Stop. Before you read another word, look at the top of the page. There, in big, bold, blue letters you will see the word opinion.
In case there was any doubt, the words you read on this page are someone’s opinion. They may belong to me or the author of any other column that appears here. They may or may not be shared by the paper’s staff or owners. But they are valid opinions.
Would you believe that someone called me recently and said I wasn’t allowed to express my opinion? He said I haven’t been here long enough.
The length of time I have served as editor of the paper is immaterial to my ability to present my thoughts on an issue.
Having an opinion — and the right to express it — is such an important issue that our Founding Fathers included it in the nation’s Constitution. It’s called the First Amendment and ensures freedom of speech.
That same amendment also provides for freedom of the press.
We are, however, by no means the only ones entitled to express our opinions — even on the pages of this newspaper.
Readers are encouraged to share their opinions through guest columns or letters to the editor. We welcome both and, with the exception of minor changes to correct grammar and misspellings and conform to our style, they are printed as submitted. Opinions are sacrosanct. However, if we spot an error, we will contact the author to prevent it from appearing in print.
All people have opinions, even if they aren’t printed anywhere. Opinions are the basis for our system of beliefs as well as a dividing factor in politics. Whether Republican, Democrat, Libertarian or Independent, party lines are based on groups of people’s opinions on how they think the government should operate. Voters then express their opinions by casting votes for the candidate they think best espouses their beliefs.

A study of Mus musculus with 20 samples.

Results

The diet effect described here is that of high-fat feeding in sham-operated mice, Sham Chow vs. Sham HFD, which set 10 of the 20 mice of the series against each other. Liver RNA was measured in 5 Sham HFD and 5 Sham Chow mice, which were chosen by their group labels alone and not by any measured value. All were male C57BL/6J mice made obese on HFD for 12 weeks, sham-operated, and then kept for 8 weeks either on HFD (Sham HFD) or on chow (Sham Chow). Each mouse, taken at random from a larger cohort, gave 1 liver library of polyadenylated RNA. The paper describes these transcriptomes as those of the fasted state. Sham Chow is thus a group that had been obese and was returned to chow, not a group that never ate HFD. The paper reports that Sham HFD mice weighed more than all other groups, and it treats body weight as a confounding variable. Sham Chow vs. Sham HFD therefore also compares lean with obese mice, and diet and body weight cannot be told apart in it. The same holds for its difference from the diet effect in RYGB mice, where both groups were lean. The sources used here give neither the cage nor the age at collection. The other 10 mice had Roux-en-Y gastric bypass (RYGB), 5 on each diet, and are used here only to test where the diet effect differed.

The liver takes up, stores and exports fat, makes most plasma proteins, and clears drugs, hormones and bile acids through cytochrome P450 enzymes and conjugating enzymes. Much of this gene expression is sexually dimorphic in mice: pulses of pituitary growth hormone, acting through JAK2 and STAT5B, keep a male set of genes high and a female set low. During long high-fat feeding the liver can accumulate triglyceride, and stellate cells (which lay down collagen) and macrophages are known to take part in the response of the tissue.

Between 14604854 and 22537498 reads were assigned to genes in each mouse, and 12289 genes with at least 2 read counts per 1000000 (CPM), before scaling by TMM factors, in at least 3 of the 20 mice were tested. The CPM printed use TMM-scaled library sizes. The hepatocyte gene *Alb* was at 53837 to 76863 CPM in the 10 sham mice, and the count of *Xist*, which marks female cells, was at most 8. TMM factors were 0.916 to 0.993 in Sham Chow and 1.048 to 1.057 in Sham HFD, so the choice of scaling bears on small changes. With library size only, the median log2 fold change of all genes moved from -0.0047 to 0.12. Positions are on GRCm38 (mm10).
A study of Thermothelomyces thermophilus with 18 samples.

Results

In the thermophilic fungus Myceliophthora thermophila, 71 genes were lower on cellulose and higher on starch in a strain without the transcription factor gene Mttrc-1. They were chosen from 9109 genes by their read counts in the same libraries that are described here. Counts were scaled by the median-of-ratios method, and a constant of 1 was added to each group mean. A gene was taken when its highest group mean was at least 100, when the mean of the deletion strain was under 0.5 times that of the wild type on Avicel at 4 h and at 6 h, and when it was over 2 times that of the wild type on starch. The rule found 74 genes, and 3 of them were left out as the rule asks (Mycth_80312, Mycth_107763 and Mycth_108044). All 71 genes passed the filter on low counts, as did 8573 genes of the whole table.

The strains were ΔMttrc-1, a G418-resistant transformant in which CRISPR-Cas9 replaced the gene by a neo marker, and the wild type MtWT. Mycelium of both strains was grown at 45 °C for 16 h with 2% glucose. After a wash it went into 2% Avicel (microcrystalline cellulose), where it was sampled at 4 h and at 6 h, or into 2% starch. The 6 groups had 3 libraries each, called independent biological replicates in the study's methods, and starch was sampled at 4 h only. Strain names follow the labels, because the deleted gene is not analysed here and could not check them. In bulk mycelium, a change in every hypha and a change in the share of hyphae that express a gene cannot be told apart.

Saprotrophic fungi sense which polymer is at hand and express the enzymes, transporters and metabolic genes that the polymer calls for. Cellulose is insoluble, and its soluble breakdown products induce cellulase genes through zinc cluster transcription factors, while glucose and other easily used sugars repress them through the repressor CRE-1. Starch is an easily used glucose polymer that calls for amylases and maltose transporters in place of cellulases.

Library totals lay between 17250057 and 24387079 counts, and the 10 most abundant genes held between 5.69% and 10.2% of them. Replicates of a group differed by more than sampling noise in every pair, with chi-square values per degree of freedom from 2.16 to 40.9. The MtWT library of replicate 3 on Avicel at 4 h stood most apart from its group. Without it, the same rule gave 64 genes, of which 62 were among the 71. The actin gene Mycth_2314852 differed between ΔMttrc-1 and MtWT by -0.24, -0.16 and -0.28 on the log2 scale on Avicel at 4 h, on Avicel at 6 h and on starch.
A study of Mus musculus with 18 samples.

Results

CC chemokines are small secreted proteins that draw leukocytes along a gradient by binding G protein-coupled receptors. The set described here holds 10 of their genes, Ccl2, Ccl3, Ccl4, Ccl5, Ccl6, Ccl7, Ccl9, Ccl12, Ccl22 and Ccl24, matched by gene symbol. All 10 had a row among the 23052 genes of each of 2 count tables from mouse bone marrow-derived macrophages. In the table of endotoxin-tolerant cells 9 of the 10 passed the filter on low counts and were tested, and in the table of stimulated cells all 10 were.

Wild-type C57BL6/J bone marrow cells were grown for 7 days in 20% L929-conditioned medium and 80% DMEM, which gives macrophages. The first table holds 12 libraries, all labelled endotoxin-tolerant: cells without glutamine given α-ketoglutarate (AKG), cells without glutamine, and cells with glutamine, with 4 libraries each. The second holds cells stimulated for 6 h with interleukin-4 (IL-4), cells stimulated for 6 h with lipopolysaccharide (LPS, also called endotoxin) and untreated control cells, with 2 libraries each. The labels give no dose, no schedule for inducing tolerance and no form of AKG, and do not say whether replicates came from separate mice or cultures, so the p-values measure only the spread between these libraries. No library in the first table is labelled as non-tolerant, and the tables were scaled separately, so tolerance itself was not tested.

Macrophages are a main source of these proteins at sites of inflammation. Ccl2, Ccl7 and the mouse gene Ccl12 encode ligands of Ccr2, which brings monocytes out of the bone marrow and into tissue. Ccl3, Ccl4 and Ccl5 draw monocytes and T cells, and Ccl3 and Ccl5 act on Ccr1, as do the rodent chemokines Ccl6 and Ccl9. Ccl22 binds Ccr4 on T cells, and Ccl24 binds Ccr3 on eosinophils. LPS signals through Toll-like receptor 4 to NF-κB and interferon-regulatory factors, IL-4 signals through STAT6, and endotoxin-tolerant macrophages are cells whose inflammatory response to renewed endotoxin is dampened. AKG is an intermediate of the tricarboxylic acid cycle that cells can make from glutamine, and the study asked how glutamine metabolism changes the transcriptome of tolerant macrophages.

If you have any doubts about how dividing beliefs and opinions can be, all you have to do is look back to Tuesday’s State of the Union address by President Barack Obama. And the rebuttal by Sen. Joni Ernst that followed.
Opinions are neither true nor false. Although they can be based on fact, they are not indisputable facts. They are just what someone thinks at the moment.
From the moment they are born, we teach our children to express themselves. By doing this, we teach them that their opinions matter. But, we also instill in them the importance of letting people express their opinions.
Not letting someone express their opinion is wrong and unfair. It denies that person of a fundamental right.
The problems that most often arise with expressing one’s opinion comes in with the very nature of what an opinion is. More often than not opinions are about an issue that someone is passionate about. With all that feeling comes other emotions: anger, indignation and frustration among them.
As with any opinion, it is your right to agree or disagree with it. That, too, is a privilege guaranteed by our nation’s Bill of Rights.
Or, as the great philosopher and historian Voltaire is said to have said, “I disapprove of what you say, but I’ll defend to the death your right to say it.”